An Editor Who Can Make a Magazine Truly Great?

By Jack Limpert

Capital New York has a story on the search for a new editor for the New York Times Magazine. The piece, by Matthew Lynch and Joe Pompeo, tries to build some drama—ads have been down a little, but mostly because T, a sister Sunday magazine at the Times, is doing better, and the Times is doing more magazine-style stories.

They toss out a few names—Lauren Kern, Joel Lovell, Bruce Headlam, Sam Sifton, Nicholas Thompson, James Bennet, Jodi Kantor—but the main point of the story comes at the end: “What the magazine needs at the moment… is the very thing that has always made the great magazines truly great: An editor who can infuse the whole package with his or her point of view.”

His or her point of view? Try this:

# A boredom detector. No, that’s kind of interesting, but we’ll pass. Yeah, we’d run it, but at 2,500 words, not at 6,000.

# A b.s. detector. Our readers are smart enough not to buy into that.

# More inner-directed than other-directed. (David Riesman explained it back in 1950.)

# An interesting mind. See Harold Hayes, Dick Stolley, Willie Morris,  Andre Laguerre, Jim Bellows, Tina Brown, Michael Kinsley, Ray Cave, Ed Kosner, Charlie Peters, Adam Moss, Ruth Whitney, William Broyles, David Remnick.

# Warm-blooded. The great Alan Halpern, who edited Philadelphia, was known for this. When a writer got one terrific from Alan, it meant the piece was good. Two meant you did really well. Sometimes he said this piece is terrific…terrific…terrific. The three terrifics—those were what the writers worked hard for.

# Cold-blooded. If I want to be loved I’ll bring my dog to work.

# Resilient enough  to say no ten times for every time you say yes. Caroline Miller, once editor of New York magazine, told me that her dangerous time of day was late in the afternoon when she was tired and it seemed harder to say no.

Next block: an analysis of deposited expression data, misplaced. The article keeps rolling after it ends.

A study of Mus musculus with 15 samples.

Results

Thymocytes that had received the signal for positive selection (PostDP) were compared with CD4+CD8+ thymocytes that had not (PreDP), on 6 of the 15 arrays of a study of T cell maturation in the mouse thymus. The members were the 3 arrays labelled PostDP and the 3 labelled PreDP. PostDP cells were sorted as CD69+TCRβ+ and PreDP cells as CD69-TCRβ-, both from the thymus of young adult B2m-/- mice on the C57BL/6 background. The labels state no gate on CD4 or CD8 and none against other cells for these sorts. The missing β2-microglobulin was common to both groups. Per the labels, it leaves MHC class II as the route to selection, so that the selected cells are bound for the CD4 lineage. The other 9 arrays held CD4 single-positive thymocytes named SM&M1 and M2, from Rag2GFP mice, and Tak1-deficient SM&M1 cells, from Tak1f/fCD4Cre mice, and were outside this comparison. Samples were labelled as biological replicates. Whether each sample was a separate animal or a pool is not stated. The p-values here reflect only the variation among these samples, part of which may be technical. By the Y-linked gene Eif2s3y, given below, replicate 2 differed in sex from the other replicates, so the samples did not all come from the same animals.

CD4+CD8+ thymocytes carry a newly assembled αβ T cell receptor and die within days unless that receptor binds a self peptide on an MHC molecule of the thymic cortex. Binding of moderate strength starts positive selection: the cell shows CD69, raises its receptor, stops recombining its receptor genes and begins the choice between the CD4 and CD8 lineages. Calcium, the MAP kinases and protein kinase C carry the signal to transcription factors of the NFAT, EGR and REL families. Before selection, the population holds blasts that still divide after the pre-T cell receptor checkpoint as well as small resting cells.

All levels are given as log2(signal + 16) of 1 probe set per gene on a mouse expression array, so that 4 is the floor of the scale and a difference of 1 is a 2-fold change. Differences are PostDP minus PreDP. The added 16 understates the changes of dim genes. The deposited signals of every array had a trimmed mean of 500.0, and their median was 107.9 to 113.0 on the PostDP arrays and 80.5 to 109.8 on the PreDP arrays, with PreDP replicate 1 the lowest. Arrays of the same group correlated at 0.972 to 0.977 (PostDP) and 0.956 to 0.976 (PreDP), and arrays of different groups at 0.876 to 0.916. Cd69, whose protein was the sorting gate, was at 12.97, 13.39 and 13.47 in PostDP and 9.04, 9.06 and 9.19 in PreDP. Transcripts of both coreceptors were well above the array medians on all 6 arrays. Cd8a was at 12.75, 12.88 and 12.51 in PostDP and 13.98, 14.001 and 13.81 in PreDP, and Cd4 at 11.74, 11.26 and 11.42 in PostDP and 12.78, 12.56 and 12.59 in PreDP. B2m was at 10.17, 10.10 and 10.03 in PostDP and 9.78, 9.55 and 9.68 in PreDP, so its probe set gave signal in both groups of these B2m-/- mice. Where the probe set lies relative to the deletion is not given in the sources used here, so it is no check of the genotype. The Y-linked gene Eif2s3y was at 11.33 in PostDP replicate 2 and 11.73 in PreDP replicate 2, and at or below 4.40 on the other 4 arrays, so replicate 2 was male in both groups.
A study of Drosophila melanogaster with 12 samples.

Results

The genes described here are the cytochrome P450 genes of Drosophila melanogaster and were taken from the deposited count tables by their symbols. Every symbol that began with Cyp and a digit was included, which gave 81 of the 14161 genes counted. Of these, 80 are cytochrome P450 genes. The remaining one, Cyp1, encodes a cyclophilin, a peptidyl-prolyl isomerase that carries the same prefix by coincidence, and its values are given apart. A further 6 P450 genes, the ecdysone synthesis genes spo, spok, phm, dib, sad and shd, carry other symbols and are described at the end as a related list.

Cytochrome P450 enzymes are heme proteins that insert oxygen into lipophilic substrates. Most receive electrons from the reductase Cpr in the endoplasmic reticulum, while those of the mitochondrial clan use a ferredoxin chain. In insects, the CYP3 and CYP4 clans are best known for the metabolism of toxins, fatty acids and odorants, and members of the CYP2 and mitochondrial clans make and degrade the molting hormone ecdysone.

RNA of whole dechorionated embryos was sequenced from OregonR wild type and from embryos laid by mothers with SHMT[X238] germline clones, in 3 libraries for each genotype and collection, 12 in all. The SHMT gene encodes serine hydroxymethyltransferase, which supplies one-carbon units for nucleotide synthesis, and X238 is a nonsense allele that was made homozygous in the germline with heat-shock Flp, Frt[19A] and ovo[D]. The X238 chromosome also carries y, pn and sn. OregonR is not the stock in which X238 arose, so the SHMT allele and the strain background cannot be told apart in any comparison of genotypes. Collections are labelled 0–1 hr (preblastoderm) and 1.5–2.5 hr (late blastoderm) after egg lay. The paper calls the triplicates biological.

# A strong enough left brain to be well-organized—or be savvy enough to hire a number two who can do it.

# Confident enough to have smart sub-editors who can get the best out of writers and don’t edit for the sake of editing.

# Visually savvy enough to work well with designers but not get rolled by them. Listen, we’re trying to amaze the readers, not other art directors.

# Can manage up (owners and publishers) and down (editors and writers)—the Washington Post’s Ben Bradlee was good at that. But be wary of editors whose number one priority is managing up.

# Can make lemonade out of lemons. Ben Bradlee again: “The ability to control damage is one of the essential skills of an editor.”

# Live, eat, and sleep the job. The best ideas often come while taking a morning shower or trying to go to sleep at night. Clay Felker did that when he edited the New York of the late 1960s and early ’70s. He was great when he was totally focused on one magazine.

Infuse the whole package with a point of view? Sure.


  1. Andrew Olstein says

    Don Hewitt famously said, “Tell me a story.” Harold Hayes boiled it down to two phrases: “God is in the details” and “If it ain’t broke, don’t fix it,” both of which were literally pasted on the wall. Like anything else worth doing well, it’s perspiration and inspiration driven by a consuming intelligence and curiosity. In short, a point of view.

  2. Jack Limpert says

    Andrew – Great comment. As for the Harold Hayes “don’t fix it” line, John Mack Carter, the longtime Hearst editor, liked to say, “If it ain’t broken, break it.” What he meant was editors shouldn’t get too comfortable with a magazine; they should continually look at each section to see if it should be updated or replaced. I always liked to pick a section of the magazine and get three or four editors together to talk about how it could be made better. I thought four was the magic number–if you had six or seven people then it became a meeting, not a freewheeling get-together where you could say anything, there were no bad ideas, and you could laugh a lot. Agree completely on perspiration and inspiration. – Jack

    • Andrew Olstein says

      Thanks, Jack. If I may edit myself, I left out two elements that are key to turning a point of view into a singular voice readers will respond to, especially in these plutocratic times: wit and a sense of mischief. Harold, Clay, Adam Moss and David Remnick all had that healthy, seemingly effortless balance. Hugo Lindgren’s, alas, felt inorganic–forced–like he was working too hard. Probably with good reason. As the rather perceptive Capital New York piece makes clear, this was an editor trying desperately to avoid drowning in a sea of diffusion.